Celebrating the Success and Future of the Brandywine-Christina Watershed
Clean Water: A Bi-State Solution
By: Jillian Young, Graduate Research Assistant, University of Delaware Water Resources Center
On May 3rd, 2018 over 160 people joined together to educate, learn, and celebrate the Brandywine-Christina Watershed at the Clean Water: A Bi-State Solution conference. The conference focused on the collaborative efforts made to improve the watershed health, ongoing projects being done, and a future focus on the next steps to ensure the health of the watershed.
The conference was held by the Brandywine-Christina Cluster Partners: Brandywine Conservancy & Museum of Art, Brandywine Red Clay Alliance, Natural Lands, Stroud Water Research Center, The Nature Conservancy of Delaware, and the University of Delaware Water Resources Center. These are six nonprofit organizations funded by the William Penn Foundation through the Delaware River Watershed Initiative (DRWI).
The morning started off with Andrew Johnson, the Program Director at the William Penn Foundation, speaking about the DRWI and how over the past seven years, they have distributed over $100 million dollars for clean water in the Delaware River Watershed. Despite these efforts, he said, “It’s still not enough.” More funds are needed to help the water’s health.
A joint talk included the Secretary of the Delaware Department of Natural Resources and Environmental Control, Shawn Garvin, and Secretary of the Pennsylvania Department of Environmental Protection, Patrick McDonnell. Together, they spoke about the importance of the watershed health because the watershed incorporates the two states. Most of the land in the watershed is in Pennsylvania, but the majority of the population in Wilmington receives their drinking water from the headwaters in Pennsylvania.
Following these talks, Dr. Gerald Kauffman, Director of the University of Delaware Water Resources Center, spoke about the important history of the watershed which supported life for early settlers. He discussed the history of the mill dams on the river and how today, people can no longer ice skate on the Brandywine because of the climate’s warming temperatures.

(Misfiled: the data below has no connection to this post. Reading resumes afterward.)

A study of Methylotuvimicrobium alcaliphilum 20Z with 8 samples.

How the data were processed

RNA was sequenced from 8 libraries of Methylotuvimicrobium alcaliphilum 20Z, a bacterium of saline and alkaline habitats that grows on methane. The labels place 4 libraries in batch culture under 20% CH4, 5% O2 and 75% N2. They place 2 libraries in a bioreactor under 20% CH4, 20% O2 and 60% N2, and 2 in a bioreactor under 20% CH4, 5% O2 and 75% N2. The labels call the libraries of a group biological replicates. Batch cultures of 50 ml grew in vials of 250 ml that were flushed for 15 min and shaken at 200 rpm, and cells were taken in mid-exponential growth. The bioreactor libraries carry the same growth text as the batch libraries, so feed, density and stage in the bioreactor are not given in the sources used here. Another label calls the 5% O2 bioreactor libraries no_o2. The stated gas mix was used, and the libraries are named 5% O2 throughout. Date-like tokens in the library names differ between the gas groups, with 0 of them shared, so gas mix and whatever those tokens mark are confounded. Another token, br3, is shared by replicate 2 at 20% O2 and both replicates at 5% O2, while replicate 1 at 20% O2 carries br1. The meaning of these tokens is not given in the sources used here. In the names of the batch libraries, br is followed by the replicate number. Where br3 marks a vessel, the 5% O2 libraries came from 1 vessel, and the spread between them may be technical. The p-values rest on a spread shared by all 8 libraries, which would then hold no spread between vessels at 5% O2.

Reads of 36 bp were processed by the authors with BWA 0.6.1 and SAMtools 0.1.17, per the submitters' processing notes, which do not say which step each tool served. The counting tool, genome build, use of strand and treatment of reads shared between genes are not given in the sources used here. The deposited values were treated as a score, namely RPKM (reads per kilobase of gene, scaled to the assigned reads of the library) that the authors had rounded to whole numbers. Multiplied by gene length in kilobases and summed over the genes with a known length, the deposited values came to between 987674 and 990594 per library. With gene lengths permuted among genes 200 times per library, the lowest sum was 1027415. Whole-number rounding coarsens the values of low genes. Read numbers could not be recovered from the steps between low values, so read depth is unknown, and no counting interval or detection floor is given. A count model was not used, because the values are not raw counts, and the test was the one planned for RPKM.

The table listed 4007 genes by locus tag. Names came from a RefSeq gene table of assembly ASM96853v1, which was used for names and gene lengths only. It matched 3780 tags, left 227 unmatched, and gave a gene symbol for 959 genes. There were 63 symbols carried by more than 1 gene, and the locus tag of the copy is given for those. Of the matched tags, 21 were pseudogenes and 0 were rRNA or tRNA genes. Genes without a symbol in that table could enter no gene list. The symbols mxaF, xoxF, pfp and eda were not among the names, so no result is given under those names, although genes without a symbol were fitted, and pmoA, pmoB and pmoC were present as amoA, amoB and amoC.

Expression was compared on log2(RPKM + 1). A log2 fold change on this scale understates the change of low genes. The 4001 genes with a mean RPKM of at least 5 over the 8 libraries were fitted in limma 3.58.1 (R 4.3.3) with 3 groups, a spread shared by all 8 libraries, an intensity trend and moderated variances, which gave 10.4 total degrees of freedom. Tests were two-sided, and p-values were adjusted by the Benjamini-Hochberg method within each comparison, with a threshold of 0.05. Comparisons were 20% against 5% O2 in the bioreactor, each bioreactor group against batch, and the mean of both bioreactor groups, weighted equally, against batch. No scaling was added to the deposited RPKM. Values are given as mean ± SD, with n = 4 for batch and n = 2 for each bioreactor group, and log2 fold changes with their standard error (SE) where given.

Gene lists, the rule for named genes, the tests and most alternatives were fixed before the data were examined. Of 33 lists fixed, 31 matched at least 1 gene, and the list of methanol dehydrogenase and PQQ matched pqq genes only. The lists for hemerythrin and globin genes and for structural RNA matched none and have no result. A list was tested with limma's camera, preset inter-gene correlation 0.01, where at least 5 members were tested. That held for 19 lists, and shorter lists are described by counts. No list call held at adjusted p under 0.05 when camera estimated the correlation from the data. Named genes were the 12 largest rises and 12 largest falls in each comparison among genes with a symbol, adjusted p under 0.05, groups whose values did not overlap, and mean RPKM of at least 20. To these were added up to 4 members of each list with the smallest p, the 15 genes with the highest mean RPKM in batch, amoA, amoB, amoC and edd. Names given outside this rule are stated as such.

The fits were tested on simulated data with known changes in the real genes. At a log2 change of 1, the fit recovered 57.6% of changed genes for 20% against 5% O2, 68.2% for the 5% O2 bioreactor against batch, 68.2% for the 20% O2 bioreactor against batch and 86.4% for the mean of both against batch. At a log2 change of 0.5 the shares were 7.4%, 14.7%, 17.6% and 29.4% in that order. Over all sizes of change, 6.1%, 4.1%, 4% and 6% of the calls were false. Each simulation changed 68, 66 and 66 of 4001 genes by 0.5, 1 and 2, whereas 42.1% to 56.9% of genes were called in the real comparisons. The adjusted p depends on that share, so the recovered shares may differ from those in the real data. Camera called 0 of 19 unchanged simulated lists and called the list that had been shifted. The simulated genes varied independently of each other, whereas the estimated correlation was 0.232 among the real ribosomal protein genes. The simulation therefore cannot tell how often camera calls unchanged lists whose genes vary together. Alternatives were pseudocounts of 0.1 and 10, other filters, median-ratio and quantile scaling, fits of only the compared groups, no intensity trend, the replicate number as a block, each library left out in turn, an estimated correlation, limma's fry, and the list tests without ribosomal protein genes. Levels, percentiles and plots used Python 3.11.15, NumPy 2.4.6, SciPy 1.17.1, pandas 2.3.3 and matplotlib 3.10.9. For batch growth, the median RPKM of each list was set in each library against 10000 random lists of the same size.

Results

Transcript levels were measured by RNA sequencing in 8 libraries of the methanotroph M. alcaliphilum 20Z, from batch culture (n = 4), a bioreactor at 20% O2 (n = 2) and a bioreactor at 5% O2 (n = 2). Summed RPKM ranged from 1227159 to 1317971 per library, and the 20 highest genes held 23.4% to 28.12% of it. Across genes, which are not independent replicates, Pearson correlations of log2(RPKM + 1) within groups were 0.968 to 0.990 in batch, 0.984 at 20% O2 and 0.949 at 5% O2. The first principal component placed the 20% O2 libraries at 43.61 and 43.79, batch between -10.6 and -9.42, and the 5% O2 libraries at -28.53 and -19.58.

Two panel sessions included presentations about water quality and collaborative work in the watershed. The first panel included Dr. John Jackson, Senior Research Scientist at the Stroud Water Research Center who discussed the influences of agriculture on the watershed, showing which streams are impaired and which areas are showing reductions in sediment loads. Four more presentations followed on topics including agricultural conservation practices, stream restoration projects, municipal ordinances, and the Brandywine-Christine Healthy Water Fund.
The second panel session provided an overview of projects from the federal and local government perspective. The panel included Shane Morgan, the Watershed Coordinator for the White Clay Creek Wild and Scenic River Program, who talked about how joint projects on land protection, outreach, education, and water quality monitoring, coupled with federal funding all help protect and keep the White Clay Creek healthy. Other panelists spoke about projects to protect Wilmington, Delaware’s water source and land preservation in Honey Brook Township, Pennsylvania.
The keynote speaker was Collin O’Mara, President and CEO of the National Wildlife Federation. He expressed how impressed he is with the work being done in the watershed. He mentioned that as he travels around the country, he sees the Brandywine-Christina watershed as a model for others to follow, “we need to succeed to be a model for other areas.”
After lunch, conference attendees participated in a field tour. The tour included a restored stream and best management practices on a farm in Pennsylvania and the City of Wilmington’s Hoopes Reservoir on the Red Clay Creek in Delaware. At the reservoir, which has been closed to the public since the early '70s, conference attendees were invited to hike to the overlook to view the City’s backup water supply and a critical component of the City’s Source Water Protection Program.
Overall, the conference was a huge success and everyone gained something valuable from the day. Conference attendees also took home the recently-released 2018 State of the Watershed Report, which exhibits the status and trends within the Brandywine-Christina watershed.